During the summer, Lacuna Magazine appeared at WOMAD.
Our aim was to engage with potential readers whilst raising issues of human rights that we and our hosts at the festival, Action Village India and Madras Café, thought were important. We wanted to know what people thought about human rights, and how they would engage with us on issues like gender equality and our right to protest. We wanted to hear what they had to say.
Lacuna’s authors and editors assembled in the Madras Café marquee, beside the idli, sambhar and chutney. Those who came to eat were often moved to talk. As Rebecca Omonira-Oyekanmi reports, the immediate engagement with our themes was often passionate. People do care. The problem perhaps lies not in a lack of empathy but a lack of knowledge. How do we find out about the lives of others so that we can respond effectively to their situation? Rebecca’s encounter with artists and speakers at the festival led her to think that finding out about people’s experiences and telling their stories is a vital first step. But so too is keeping an open mind. Many of the musicians and artists at the festival wove political concerns about justice into their work. Music and art and literature may be entertaining but they are also ways of provoking concern. 47 Soul (a band rooted in ‘Bilad Al-Sham, spanning the divides from Amman to the Galilee, the Golan Heights to Ramallah’ and interviewed by Rebecca at the festival) say they write and perform ‘to speak about freedom of movement, whether that’s sparking new dance styles or singing about breaking down border check points’. Human rights are entwined into dance, music, and life itself..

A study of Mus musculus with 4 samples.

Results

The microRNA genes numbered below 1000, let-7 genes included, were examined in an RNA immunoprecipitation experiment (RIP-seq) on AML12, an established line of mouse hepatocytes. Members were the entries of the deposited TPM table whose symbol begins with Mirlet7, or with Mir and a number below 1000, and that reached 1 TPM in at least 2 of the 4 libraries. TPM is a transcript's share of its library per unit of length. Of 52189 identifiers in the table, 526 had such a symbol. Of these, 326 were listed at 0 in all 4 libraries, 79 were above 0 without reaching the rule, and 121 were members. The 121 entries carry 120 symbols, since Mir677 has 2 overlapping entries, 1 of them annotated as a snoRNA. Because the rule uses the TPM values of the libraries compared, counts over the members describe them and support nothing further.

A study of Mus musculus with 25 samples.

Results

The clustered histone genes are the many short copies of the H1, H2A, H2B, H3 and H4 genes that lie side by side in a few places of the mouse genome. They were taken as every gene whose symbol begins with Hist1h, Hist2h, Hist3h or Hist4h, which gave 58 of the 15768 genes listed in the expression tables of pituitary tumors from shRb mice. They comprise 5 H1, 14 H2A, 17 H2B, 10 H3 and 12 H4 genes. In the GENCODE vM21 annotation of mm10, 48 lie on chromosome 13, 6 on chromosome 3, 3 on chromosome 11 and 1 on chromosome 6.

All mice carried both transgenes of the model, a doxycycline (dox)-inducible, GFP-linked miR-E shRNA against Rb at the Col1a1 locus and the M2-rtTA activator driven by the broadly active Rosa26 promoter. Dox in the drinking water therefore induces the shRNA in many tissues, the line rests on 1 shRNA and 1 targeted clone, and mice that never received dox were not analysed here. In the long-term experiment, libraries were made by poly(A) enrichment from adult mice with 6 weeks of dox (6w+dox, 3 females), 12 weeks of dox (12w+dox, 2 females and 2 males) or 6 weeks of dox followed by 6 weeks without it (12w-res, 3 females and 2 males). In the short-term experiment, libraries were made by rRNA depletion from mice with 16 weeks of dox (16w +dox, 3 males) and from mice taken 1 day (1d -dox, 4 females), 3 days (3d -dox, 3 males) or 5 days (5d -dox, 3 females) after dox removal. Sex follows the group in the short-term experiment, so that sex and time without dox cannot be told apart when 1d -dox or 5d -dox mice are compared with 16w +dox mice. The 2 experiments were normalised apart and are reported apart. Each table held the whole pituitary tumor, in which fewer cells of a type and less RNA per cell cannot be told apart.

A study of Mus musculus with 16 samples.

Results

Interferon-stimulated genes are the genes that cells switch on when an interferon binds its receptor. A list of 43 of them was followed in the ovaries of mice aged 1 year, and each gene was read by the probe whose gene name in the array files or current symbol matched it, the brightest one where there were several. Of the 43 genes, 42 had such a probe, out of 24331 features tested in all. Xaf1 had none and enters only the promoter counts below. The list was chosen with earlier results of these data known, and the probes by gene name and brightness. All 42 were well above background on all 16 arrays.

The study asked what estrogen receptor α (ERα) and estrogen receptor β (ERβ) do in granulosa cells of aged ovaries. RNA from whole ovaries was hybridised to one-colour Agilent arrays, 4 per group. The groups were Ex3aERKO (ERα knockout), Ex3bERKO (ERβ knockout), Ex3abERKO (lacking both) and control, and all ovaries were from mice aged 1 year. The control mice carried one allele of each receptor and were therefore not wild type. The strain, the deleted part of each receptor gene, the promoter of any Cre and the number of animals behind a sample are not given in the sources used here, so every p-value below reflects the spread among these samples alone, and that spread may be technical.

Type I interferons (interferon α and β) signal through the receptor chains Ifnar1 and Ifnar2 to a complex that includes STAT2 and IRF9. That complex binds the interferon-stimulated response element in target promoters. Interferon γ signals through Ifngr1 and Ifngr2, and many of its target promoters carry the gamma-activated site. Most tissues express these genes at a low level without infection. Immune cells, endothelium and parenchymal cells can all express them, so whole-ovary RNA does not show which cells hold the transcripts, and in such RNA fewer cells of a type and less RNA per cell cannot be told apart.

We found more inspiring stories all around the festival, brought to us through a diverse range of speeches, films, literature and poetry. In the Global Voices tent there was a whole programme of talks and workshops. The documentary ‘We are Many’ about the protests against the Iraq War in 2003 was screened to packed audiences. Christopher Davis’ review of the film reminds us of those times portrayed and raises questions about the long term impact of moments of protest. Elsewhere, the World of Words introduced authors writing about provocative issues through fiction. Lacuna’s Laila Sumpton contributed to the literary theme by holding workshops in the Madras Café to translate human rights ideas and feelings into poetry. The poems written by the children and adults, who’d entered the tent to taste the wonderful Indian food but stayed to respond to Lacuna’s exhibition, were a creative realisation of our aim at WOMAD.